TALLAHASSEE, Fla. - Calling Norwegian Cruise Line Holdings "not one of the bigger ones," Florida Gov. Ron DeSantis said Thursday that if smaller cruise lines want to leave the state because of bans on vaccine requirements, their void will be filled.
Miami-based Norwegian is the third-largest cruise line in the world and has three ports of departure in Florida — Miami, Port Canaveral and Tampa. It also makes stops in Key West. But it hasn't operated in the U.S. since the federal government shut down all cruises last year because of the coronavirus pandemic.
The federal government is getting ready to let cruises sail again, but only if nearly all passengers and crew are vaccinated against the virus. DeSantis, however, signed a bill banning businesses from requiring proof of vaccination, prompting Norwegian to say it might move Florida departures to other states or Caribbean ports.
"The major cruise lines, Norwegian's not one of the bigger ones, by the way ... have been operating in other parts of the world where there's no access to vaccine, much less the passengers required" to be vaccinated, DeSantis said during a news conference in Ormand Beach.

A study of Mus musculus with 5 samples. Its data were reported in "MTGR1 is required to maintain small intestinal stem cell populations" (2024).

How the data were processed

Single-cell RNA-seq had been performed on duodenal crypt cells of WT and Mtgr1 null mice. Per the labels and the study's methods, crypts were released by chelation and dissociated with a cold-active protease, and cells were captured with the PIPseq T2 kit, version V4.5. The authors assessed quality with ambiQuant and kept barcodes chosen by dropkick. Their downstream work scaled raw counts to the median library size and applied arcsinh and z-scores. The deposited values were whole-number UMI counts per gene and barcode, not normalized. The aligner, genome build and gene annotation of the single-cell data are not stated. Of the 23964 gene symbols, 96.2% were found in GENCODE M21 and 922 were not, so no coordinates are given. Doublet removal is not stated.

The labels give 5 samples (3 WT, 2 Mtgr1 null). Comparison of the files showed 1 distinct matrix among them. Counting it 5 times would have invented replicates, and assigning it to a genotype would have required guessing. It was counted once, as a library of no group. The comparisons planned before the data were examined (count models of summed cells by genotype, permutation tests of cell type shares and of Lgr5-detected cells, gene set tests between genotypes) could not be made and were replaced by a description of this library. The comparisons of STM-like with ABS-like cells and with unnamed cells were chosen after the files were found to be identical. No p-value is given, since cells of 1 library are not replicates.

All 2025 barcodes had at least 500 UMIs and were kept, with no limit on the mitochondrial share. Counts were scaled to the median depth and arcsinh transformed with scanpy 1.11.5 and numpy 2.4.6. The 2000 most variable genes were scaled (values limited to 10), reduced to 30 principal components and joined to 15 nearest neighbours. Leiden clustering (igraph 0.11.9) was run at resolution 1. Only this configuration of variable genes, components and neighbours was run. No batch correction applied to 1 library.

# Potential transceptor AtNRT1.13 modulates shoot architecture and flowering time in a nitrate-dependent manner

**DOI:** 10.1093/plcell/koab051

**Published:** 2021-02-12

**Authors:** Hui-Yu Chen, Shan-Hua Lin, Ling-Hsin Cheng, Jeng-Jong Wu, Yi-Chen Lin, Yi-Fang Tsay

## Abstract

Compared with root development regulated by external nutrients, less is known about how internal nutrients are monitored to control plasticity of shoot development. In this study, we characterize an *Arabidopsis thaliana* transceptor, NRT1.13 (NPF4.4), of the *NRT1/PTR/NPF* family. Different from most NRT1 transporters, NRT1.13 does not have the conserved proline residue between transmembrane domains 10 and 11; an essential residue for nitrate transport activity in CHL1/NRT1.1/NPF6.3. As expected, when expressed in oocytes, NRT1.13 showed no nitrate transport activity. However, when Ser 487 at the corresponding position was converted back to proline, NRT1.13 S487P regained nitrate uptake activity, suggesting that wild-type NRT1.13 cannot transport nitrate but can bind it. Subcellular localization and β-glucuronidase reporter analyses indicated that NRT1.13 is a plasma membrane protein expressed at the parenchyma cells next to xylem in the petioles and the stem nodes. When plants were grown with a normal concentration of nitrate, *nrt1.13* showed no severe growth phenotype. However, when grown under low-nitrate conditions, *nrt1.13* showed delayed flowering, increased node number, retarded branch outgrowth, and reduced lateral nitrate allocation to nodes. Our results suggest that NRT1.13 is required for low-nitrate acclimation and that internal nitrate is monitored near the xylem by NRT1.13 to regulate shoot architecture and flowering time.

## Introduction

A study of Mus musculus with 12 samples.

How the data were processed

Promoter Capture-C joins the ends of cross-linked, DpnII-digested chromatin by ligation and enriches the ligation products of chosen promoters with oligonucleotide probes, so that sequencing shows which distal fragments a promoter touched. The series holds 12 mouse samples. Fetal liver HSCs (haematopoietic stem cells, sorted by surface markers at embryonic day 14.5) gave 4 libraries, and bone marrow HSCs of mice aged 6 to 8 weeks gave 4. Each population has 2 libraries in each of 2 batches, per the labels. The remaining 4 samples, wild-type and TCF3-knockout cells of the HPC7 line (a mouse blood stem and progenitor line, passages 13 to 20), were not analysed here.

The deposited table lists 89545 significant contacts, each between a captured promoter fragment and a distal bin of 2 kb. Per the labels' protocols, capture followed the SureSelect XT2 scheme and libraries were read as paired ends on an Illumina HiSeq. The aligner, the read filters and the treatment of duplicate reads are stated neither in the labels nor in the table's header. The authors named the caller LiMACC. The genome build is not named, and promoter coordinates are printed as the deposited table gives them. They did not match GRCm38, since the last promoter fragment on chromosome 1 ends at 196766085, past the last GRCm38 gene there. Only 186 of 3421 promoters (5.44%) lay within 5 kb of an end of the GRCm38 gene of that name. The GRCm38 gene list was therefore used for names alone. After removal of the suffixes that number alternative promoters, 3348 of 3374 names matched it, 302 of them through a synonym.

DeSantis later said that if one of the smaller cruise lines doesn't want to operate in Florida, "that niche will get filled."
"We are the number one destination for people who want to come and take cruises," DeSantis said. "These cruise lines are ready to go — Royal Caribbean, Carnival — they want to go, they're going to be able to do it. We're ready."
DeSantis is suing the Centers for Disease Control and Prevention over the no-sail order. The CDC is set to let cruises sail again if 98% of the crew and 95% of passengers are vaccinated and ships take other measures to limit the risk of transmitting the virus.
Norwegian didn't immediately return a call and emails seeking comment.